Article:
February 14, 2011
I was inspired to write further about Florida from the writing I did yesterday. Using my blog yesterday as a rough outline, I’ll dive right into the discovery of Florida and its first explorer, Ponce de León.
Born in Spain about the year 1460, Ponce sailed with Columbus’s second voyage to the Americas in 1493. He and his family settled on the island now known as the Dominican Republic (then Hispaniola) where he became the military commander of the post and deputy governor.
Ponce being the kind of guy who wondered what was over the horizon found himself exploring the Caribbean and 1506 discovered a nearby island named Borinquen. During his exploration of the island he discovered large deposits of gold. Soon after, the excited explorer left the island. He returned in 1508 on orders from the King of Spain to explore and colonize the island. He was named Governor, renamed it to Puerto Rico, and two years later was replaced by the King with Columbus’s son.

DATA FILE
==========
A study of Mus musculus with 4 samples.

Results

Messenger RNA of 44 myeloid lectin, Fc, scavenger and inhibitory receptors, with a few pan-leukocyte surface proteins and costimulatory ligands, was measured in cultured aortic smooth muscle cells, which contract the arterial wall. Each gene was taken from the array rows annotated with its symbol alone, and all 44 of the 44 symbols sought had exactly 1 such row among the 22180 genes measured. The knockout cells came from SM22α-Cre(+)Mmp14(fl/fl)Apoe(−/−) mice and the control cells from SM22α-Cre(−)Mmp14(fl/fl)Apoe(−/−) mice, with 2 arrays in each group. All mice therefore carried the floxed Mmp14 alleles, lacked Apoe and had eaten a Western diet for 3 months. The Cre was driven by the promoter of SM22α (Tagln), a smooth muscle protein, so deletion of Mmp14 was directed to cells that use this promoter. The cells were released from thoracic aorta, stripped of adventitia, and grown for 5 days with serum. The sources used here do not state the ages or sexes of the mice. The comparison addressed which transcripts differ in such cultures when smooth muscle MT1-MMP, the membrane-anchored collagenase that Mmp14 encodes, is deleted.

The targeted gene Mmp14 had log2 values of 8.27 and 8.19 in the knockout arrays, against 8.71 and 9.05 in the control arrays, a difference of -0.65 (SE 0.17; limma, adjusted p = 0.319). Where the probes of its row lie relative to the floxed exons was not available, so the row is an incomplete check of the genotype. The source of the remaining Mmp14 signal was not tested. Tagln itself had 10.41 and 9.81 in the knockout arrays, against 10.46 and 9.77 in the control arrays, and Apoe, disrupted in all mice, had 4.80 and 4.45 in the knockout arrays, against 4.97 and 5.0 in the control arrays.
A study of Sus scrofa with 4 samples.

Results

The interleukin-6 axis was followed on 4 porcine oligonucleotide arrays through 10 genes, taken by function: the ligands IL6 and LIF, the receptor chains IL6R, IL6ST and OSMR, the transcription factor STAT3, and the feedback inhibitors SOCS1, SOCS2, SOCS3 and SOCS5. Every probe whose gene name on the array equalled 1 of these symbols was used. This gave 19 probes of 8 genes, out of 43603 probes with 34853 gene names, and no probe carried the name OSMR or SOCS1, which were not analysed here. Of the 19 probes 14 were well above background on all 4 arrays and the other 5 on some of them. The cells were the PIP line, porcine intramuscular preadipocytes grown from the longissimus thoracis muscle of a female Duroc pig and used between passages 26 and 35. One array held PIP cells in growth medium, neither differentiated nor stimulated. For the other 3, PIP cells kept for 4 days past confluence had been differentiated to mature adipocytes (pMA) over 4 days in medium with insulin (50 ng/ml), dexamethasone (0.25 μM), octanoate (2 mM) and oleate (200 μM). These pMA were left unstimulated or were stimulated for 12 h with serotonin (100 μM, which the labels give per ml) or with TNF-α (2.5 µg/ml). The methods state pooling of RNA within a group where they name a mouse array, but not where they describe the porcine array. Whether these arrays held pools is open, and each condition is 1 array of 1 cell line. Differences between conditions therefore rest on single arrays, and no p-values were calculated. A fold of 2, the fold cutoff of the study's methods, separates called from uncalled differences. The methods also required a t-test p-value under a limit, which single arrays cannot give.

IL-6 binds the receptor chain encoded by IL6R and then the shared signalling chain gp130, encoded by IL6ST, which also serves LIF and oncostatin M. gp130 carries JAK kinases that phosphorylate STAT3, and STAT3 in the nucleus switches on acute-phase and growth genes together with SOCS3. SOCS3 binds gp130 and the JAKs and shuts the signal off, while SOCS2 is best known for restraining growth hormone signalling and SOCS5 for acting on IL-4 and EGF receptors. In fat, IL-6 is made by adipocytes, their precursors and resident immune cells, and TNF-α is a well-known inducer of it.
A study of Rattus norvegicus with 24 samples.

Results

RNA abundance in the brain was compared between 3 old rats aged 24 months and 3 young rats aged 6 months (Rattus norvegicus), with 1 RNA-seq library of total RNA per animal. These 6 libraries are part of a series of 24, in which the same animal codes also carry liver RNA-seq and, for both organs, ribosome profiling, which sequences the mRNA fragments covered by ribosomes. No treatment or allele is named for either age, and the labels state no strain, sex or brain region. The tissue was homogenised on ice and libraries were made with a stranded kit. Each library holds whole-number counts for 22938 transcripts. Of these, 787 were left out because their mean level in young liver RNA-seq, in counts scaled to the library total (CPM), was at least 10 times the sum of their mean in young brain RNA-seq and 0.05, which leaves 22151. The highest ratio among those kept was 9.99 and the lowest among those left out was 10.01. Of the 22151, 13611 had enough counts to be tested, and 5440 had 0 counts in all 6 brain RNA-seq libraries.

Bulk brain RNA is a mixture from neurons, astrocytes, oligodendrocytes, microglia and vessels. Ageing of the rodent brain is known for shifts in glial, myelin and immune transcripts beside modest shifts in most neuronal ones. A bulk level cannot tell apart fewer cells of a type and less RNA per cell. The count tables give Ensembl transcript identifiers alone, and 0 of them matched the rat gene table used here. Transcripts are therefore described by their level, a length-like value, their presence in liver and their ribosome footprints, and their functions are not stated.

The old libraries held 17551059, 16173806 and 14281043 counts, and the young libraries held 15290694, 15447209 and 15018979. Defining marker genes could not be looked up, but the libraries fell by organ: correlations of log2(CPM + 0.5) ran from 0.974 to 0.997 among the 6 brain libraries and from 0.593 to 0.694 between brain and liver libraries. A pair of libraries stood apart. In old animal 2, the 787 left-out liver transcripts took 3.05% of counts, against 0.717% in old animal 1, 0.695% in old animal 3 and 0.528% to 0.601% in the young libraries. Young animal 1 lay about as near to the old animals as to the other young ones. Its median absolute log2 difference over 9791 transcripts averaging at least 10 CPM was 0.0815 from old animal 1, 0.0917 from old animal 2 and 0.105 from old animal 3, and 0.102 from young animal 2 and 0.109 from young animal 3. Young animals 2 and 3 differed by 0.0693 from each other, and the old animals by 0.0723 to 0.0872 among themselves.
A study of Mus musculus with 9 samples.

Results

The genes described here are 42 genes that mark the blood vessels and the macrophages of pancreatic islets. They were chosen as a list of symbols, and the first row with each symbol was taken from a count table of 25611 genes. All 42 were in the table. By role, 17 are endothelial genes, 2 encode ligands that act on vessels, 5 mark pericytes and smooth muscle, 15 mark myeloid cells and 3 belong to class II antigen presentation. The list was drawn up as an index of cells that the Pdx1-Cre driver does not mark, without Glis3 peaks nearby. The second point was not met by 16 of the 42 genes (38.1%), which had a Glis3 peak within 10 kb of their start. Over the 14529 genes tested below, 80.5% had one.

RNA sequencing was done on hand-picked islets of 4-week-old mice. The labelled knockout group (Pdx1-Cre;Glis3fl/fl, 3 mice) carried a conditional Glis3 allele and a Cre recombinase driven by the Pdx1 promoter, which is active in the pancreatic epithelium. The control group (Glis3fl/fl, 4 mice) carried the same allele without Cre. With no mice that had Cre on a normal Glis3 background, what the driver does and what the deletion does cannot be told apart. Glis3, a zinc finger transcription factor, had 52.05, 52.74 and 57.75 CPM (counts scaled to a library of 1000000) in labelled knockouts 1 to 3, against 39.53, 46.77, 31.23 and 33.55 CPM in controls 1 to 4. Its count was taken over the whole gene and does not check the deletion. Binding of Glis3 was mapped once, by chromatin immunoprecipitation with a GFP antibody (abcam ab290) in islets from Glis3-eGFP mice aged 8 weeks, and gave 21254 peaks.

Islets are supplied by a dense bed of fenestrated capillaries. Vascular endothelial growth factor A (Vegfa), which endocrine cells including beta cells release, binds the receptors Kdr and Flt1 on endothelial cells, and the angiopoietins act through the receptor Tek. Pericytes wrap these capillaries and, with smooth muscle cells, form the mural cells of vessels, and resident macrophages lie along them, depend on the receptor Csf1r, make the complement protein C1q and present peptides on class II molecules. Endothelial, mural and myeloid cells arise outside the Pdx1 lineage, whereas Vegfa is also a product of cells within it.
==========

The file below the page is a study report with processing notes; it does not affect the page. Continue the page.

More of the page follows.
Things being what they were back then, Ponce still had his ship and some people to work with and took off actively exploring the Caribbean looking for gold and the mystical Fountain of Youth that he had heard about . After making his way around the Bahama’s and Bimini, he found himself sailing off the coast of what is now Northern Florida. On or about April 2, 1513 he landed his ships near present day St Augustine and claimed the beautiful lands in the name of Spain. With rights to name this new wondrous place, he proclaimed it be called La Florida! The Flowery Land.
The quest of exploration took Ponce down the east coast of La Florida, through the turbulent currents off of Cape Canaveral (Cape of Currents), through the keys and to an island which had turtles but no fresh water which he called Dry Tortugas (turtle).
Continuing this quest to find gold and this mythical fountain, Ponce trekked up the west coast of La Florida. Entering the Charlotte Harbor area, or in more modern terms, the Big Carlos Pass at the south end of Ft Myers Beach, they saw the tribal village on Mound Key. Discovering the Calusa were an unfriendly tribe they fled back to their ships and sailed back to Puerto Rico.
In 1521 Ponce de León returned with 200 settlers, horses, tools, and seeds intent on creating a farming colony in the area. As the settlers went inland in search of fresh water, the Calusa ambushed them and Ponce was seriously wounded by an arrow to the thigh. The settlers decided to abandon their settlement and go back to Cuba.
Ponce died of his wounds in Cuba at the age of 61. His name and exploratory nature fueling his quest to find gold and the elusive Fountain of Youth live on.